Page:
Google knows that if enterprises are going to move their critical services to its cloud, then it has to offer something that AWS doesn’t. At Google Cloud Next, the company’s leadership made the case that Google Cloud was the most secure cloud.

At the conference this week, Google unveiled tools that would let IT teams provide granular access to applications, better manage encryption keys, and enforce stronger authentication mechanisms for applications running on Google Cloud. While Google is just playing catch-up to Amazon with the Key Management System for GCP, it is stepping into uncharted territory with Data Leak Prevention API by giving administrators tools that go beyond the infrastructure to protect individual applications. Google is tackling the identity access management challenge differently from Amazon, and it will be up to enterprises to decide which approach they prefer.

Google is clearly looking at security as the way to differentiate itself from other cloud infrastructure providers. It isn’t protecting only the underlying hardware and virtual machines; it will protect the applications running on them, too.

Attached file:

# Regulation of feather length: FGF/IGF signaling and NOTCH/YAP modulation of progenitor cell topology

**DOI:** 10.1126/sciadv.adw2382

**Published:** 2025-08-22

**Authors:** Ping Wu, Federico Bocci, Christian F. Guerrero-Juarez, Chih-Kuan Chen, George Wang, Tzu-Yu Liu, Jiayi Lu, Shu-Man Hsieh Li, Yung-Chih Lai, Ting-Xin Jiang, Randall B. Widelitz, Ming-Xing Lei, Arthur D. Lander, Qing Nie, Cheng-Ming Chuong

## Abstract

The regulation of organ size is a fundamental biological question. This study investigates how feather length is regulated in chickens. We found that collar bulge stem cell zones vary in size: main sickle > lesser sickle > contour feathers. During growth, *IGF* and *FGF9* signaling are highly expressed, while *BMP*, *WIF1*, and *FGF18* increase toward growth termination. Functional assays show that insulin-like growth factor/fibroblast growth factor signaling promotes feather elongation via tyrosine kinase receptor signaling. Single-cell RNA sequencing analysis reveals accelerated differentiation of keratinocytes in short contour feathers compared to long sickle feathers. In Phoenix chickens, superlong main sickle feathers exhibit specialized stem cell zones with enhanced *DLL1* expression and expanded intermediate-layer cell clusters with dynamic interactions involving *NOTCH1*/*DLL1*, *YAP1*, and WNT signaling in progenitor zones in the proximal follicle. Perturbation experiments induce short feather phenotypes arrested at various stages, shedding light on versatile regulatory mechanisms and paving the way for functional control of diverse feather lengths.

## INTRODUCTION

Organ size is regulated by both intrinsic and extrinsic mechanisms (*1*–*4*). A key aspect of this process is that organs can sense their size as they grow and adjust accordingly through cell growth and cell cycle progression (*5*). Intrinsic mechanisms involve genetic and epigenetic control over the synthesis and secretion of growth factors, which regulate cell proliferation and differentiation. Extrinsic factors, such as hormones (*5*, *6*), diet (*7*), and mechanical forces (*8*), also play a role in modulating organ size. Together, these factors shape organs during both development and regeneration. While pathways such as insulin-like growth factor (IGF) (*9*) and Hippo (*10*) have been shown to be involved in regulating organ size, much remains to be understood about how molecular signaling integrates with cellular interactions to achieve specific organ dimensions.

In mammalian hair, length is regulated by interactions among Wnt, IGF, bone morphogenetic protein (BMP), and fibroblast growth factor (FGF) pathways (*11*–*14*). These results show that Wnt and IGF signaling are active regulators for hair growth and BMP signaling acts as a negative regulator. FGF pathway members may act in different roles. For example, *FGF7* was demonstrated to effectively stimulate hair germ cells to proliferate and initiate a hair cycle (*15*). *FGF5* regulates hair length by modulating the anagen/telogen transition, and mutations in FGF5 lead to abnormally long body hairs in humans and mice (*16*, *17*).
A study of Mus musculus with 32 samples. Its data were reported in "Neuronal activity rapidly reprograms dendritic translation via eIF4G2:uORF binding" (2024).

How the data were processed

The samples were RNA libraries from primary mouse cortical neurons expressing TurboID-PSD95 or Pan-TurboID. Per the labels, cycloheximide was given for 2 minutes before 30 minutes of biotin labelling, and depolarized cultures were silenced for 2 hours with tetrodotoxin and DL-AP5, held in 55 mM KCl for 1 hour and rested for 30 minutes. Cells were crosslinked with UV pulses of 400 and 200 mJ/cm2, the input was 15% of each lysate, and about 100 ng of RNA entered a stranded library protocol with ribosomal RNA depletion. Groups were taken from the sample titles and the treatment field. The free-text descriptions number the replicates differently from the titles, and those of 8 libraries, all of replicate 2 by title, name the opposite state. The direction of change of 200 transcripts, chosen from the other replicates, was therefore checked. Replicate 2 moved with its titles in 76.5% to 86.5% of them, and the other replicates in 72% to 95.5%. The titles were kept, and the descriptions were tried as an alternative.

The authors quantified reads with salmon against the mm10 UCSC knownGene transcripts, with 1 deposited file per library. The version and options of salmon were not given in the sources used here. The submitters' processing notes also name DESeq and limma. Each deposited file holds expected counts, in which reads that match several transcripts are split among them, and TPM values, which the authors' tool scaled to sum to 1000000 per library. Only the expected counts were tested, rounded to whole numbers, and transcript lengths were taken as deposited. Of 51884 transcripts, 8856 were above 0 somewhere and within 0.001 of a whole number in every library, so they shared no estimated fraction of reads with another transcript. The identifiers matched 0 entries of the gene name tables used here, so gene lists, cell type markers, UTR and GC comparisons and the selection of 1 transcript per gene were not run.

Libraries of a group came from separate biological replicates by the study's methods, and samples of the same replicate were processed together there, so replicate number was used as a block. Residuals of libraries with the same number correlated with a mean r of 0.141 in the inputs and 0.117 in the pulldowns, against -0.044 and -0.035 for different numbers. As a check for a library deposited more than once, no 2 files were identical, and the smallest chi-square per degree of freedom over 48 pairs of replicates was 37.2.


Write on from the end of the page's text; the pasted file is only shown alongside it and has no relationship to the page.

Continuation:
Protecting sensitive data everywhere

The DLP API, now in beta, will let IT teams identify and redact any piece of sensitive information that may be in applications running on GCP. The DLP technology performs deep content analysis to find matches against the list of more than 40 sensitive data types, such as credit card and account numbers or contact information, and it lets administrators decide how best to protect that information. The screenshot in the shows how DLP API redacts information in a document, such as a person’s name, email address, and mobile phone, Social Security, and credit card numbers.

reaffirms Google’s cloud security strategy. In many cases, Google is its own customer on Google Cloud: It rolls out security tools for G Suite and Gmail, then makes them available to enterprises on GCP. 

Cloud security is a shared responsibility, with the provider focusing on the physical security of the datacenters and protecting the hardware, and the enterprise in charge of applications and data. Google shifts the conversation by also providing tools to secure access, encrypt content, and prevent the leak of sensitive data within its cloud. For enterprises wondering, “Why should I trust you to run my most critical applications?” those tools may be the answer.